Cleveland mayoral race picks up pace

Ryan Loew

With less than a week before Tuesday’s election, the Cleveland mayoral race has picked up speed as it approaches what may be a close day at the polls.

Cleveland Mayor Jane Campbell and City Council President Frank Jackson, both Democrats, sharpened their attacks Tuesday in the second of three debates.

During the debate, Jackson said Campbell’s four years as mayor had been marked by more crime, a worsening of Ohio’s largest mayor-controlled public school system and a declining business environment.

“I want you to see Cleveland become a great city again,” said Jackson, a councilman for 16 years and president for the past four years.

Campbell said Jackson had ignored citywide issues such as development of the Lake Erie waterfront and had opposed major projects including new sports stadiums and a public transit project, “regardless of the revisionist history you hear.”

“At the end of the day, things get done by this administration,” she said.

The debate was reflective of the close mayoral race, said Phil DiBianca, member of the Cuyahoga County Democratic Party. The county party is not endorsing either candidate because they are both Democrats, he said.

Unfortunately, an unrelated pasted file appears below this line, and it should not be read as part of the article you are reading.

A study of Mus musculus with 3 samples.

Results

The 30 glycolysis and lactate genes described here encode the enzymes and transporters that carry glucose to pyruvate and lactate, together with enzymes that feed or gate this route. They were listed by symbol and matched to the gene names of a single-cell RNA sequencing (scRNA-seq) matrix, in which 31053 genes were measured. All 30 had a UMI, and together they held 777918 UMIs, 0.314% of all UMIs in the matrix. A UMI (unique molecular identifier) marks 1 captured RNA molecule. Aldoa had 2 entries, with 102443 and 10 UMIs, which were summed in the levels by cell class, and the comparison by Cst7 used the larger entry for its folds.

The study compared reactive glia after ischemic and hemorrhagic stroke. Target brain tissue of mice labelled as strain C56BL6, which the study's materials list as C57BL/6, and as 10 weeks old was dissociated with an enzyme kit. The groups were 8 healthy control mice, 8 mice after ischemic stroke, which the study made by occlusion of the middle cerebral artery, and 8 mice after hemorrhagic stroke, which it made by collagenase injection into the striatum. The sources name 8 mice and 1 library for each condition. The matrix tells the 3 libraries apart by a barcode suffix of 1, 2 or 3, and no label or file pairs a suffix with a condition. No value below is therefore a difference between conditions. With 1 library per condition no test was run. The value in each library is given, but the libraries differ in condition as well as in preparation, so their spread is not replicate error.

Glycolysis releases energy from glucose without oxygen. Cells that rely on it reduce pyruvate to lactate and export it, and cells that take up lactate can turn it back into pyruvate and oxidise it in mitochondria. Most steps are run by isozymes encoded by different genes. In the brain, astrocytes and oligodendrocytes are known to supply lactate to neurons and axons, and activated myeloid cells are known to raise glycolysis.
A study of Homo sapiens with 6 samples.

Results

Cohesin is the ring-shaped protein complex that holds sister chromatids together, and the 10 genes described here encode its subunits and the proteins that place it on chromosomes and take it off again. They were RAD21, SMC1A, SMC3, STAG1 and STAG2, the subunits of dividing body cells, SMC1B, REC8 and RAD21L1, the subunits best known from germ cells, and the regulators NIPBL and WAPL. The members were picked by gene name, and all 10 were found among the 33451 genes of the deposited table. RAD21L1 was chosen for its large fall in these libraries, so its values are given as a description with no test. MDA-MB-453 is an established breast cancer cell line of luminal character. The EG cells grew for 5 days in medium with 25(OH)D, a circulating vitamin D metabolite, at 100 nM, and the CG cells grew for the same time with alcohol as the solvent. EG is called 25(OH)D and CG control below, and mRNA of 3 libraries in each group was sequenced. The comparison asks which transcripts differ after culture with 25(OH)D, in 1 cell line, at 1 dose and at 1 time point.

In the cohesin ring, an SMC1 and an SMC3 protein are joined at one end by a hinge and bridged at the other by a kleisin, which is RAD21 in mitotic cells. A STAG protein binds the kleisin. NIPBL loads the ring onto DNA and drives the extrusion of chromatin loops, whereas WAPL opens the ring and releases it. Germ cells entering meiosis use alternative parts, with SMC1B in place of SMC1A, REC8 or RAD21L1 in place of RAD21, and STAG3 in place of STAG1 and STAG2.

“I think both scored some points on issues,” DiBianca said. “I don’t think anyone delivered a decisive knockout blow.”

The deciding factor in the close mayoral race will likely be voter turnout, he said. The west side of the city tends to favor Campbell, DiBianca said, while the east side favors Jackson.

“It’s going to be nip and tuck all day,” he said.

Campbell may have an advantage as the incumbent, he said, but as city council president, Jackson is not unfamiliar to the voters.

“The two candidates are beginning to become clearer in their positions,” said David Elkins, chairman of the political science department at Cleveland State. “Mayor Campbell seems to be running as the underdog now, which is somewhat intriguing since she is the incumbent.

“(Jackson’s) campaign seems to be about leadership, the qualities he believes to be appropriate and that she has failed to meet those.”

Elkins believes Jackson is ahead in the mayoral race, despite two successful debates for Campbell.

“Mayor Campbell needs something better than a couple really good debate appearances,” he said.

In the end, the debates have little effect when it comes time for voters to visit the polls next week, Elkins said. In an incumbent election, voters are essentially evaluating the current leadership.

“So in some respects,” he said, “Council President Jackson is spot on.”

The Associated Press contributed to this article.

Contact public affairs reporter Ryan Loew at [email protected].